How To Teach Prepositions Of Place (8 Simple Steps)

How To Teach Prepositions Of Place (8 Simple Steps)

Tara Arntsen
by Tara Arntsen 514,419 views

Prepositions of place are an important part of the English language and will enable students to create more complex sentences. The meanings of basic prepositions and prepositional phrases are incredibly easy to demonstrate in a classroom and students can often guess their meanings.

How To Proceed

  1. 1

    Warm up – Prepositions
    Use this opportunity to review vocabulary you plan on using in this lesson. In this example words including book, desk, chair, clock, pencil, and teacher would be good to review. Crisscross is an excellent game to start the class with. Have all the students stand. Ask questions like “What is this?” while holding up a pen or pointing to an object. Have students volunteer to answer by raising their hands. Choose a student and if he answers correctly he may sit down. Repeat until all students are seated. In large classes the volunteer can choose either his row or column of students to sit. Usually no more than about ten questions are asked. The exercise should take approximately five minutes.

  2. 2

    Introduce – Prepositions Pronunciation
    Write the target vocabulary on the board. The words below are a good set to begin with:
    - in
    - in front of
    - on
    - behind
    - under
    - above
    - between
    - next to

    The vocabulary you introduce may depend on the textbook being used. Demonstrate the pronunciation of each word one at a time having students repeat it after you. If certain students appear not to be participating, call on them individually to pronounce the word for the class. You may want to start a chain where the first student says the first vocabulary word, the next student says the second, and the third student says the third, etc until all students have had the opportunity to say at least one word aloud. In a small class feel free to repeat this exercise several times and encourage them to speed up with each cycle while still maintaining proper pronunciation. Drilling is important however it is often boring for students so adding in some fun elements can encourage them to participate.

  3. 3

    Introduce – Prepositions Meaning
    Try to have the students come up with the meaning or translation of each word. Use example sentences such as “I am in front of the board. Now I am in front of the desk. Now I am in front of Jane.” and change your position in the classroom accordingly. Use as many example sentences as you can think of for each preposition trying to get the students to guess its meaning before writing it on the board and moving onto the next one. Drill pronunciation and translation before continuing.

  4. 4

    To test comprehension, do a short exercise. Tell students to put their hands on their desks, above their desk, behind their backs or to put their books in their desks, under their desks, etc. Perhaps a few students would like to give it a try so why not have them give a few instructions as well. A simple worksheet where students match prepositions with pictures would be good practice as well.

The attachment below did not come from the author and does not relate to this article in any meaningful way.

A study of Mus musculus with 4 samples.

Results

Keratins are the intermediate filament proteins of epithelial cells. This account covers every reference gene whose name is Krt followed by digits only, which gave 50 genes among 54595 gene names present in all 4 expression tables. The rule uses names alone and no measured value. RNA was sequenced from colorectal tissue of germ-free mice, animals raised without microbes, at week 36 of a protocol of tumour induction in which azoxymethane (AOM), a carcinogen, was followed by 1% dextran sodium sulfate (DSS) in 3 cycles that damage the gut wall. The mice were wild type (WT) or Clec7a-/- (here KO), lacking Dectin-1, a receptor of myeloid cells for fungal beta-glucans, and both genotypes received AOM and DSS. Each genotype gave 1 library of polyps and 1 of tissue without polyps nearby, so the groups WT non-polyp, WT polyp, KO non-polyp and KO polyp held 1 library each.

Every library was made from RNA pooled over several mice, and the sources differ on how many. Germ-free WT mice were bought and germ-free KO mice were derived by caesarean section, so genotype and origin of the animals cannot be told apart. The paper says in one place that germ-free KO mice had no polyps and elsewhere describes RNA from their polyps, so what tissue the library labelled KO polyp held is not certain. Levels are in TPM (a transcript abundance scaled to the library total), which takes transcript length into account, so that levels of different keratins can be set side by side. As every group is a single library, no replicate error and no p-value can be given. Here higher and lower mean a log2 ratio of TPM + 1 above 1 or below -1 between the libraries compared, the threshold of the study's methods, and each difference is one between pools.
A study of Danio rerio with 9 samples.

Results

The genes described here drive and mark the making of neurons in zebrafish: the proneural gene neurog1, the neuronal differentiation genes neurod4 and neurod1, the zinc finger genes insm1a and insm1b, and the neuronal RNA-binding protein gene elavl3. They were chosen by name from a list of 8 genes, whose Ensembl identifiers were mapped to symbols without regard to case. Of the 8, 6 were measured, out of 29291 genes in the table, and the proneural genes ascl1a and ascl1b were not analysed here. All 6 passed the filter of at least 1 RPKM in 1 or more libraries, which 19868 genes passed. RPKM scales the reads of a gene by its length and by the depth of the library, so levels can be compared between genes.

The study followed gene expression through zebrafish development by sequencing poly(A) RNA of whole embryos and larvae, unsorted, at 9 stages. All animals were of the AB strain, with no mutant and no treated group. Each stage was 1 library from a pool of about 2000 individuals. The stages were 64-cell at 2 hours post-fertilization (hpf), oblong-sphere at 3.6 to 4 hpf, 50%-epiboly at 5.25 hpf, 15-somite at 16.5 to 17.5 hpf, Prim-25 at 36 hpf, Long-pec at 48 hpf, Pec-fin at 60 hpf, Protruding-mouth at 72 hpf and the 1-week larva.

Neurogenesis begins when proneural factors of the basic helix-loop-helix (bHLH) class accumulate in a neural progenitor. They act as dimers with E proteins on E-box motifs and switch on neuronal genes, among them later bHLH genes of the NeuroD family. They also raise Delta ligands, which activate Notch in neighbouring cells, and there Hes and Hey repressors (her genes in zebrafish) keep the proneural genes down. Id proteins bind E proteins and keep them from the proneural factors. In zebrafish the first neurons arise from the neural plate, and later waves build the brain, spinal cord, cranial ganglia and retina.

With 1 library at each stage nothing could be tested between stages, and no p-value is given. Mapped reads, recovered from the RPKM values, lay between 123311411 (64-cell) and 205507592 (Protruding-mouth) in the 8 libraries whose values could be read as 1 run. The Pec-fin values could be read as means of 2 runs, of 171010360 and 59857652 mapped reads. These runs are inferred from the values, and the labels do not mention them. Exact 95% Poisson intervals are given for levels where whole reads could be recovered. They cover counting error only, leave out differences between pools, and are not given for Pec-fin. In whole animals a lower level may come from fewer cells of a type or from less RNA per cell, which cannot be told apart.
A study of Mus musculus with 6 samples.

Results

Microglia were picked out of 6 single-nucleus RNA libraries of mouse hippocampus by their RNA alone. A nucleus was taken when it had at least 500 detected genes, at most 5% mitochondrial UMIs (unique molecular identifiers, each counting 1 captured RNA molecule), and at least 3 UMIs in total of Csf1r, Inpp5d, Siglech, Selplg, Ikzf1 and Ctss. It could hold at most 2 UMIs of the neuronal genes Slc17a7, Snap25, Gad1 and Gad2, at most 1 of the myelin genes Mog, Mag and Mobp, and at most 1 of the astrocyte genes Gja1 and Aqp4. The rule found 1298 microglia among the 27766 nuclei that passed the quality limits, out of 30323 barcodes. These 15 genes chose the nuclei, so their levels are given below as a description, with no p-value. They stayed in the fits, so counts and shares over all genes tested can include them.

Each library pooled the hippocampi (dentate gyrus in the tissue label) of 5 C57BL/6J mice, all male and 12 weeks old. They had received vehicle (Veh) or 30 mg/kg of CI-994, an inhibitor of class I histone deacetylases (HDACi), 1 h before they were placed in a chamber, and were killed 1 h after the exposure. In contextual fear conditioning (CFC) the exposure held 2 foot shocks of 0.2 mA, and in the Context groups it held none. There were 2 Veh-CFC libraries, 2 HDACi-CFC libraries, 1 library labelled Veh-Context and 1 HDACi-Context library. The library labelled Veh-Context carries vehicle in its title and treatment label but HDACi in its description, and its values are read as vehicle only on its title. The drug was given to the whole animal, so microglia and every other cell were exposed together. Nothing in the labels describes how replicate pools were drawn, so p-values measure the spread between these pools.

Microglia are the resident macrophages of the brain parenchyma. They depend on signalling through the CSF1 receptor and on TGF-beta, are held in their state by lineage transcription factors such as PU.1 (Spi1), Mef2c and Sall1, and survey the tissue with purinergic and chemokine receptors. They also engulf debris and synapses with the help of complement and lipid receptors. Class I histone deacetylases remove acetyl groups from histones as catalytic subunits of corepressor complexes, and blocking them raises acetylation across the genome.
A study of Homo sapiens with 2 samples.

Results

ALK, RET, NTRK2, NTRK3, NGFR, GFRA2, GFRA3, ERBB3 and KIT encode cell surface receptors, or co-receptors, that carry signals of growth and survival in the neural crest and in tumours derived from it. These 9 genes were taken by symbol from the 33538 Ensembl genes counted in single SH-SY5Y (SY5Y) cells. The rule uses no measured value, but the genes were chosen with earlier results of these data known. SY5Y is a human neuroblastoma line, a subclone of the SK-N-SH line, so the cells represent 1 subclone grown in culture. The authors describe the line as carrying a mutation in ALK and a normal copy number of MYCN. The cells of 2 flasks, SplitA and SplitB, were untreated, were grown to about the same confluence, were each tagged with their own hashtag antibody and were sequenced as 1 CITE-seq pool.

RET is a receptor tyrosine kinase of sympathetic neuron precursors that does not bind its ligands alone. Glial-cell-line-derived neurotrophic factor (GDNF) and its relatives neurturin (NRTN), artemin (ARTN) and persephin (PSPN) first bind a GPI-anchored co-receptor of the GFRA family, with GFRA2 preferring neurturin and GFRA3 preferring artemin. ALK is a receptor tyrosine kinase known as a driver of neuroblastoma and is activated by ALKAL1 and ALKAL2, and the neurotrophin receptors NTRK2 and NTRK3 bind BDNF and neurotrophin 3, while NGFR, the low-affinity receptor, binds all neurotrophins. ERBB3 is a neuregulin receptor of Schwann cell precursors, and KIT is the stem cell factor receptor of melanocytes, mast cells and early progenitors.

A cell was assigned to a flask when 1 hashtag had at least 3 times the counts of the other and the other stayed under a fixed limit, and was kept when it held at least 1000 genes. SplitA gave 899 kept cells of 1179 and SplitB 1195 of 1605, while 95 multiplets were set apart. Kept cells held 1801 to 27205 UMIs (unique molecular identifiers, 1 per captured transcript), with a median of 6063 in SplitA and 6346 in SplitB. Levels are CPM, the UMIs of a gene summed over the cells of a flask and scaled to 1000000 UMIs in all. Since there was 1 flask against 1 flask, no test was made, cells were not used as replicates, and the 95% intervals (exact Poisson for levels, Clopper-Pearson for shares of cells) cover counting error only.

5. 5

    Introduce – Prepositions Q & A
    Ask students questions such as “Where is my/your/the book/pen/desk/clock?” Demonstrate the pronunciation of the question and answer. The model dialogue for this lesson should resemble the structure below:
    - A: Where is (my/your/Sam’s/the) (noun)?
    - B: It’s (preposition) the (noun).

  6. 6

    Ask your students to practice the model dialogue in pairs for about five minutes taking turns being A and B. Next ask for volunteers to demonstrate their conversations and encourage them to be creative instead of being limited to the vocabulary you’ve already used in the lesson. Correct any errors with clear explanations and demonstrations before moving on.

  7. 7

    Ask students to write five sentences using prepositions or use a game for further practice of prepositional phrases and sentence construction. An exercise like Jumbled (where students work in groups to arrange a set of words into five to ten sentences in a race against other groups) or Scrambled (where students have a worksheet with sentences written out of order that they must rearrange) would be great practice.

  8. 8

    As a class review the exercise from the previous step. Students can volunteer to read one of their written sentences aloud, groups can take turns reading one of their sentences from Jumbled, or students can read their un-Scrambled sentences aloud. Whatever exercise you’ve done, this is a key stage in catching mistakes. Often other students can assist their peers in making corrections but if not you may need to review certain problem areas.

Prepositions are easily reviewed throughout the school year by being added to random exercises. For instance, typically prepositions would be covered before moving onto the past or future tenses. Adding prepositions to sentences used in practicing those new tenses should be an easy review for your students and keep them aware of the use of prepositions throughout their studies.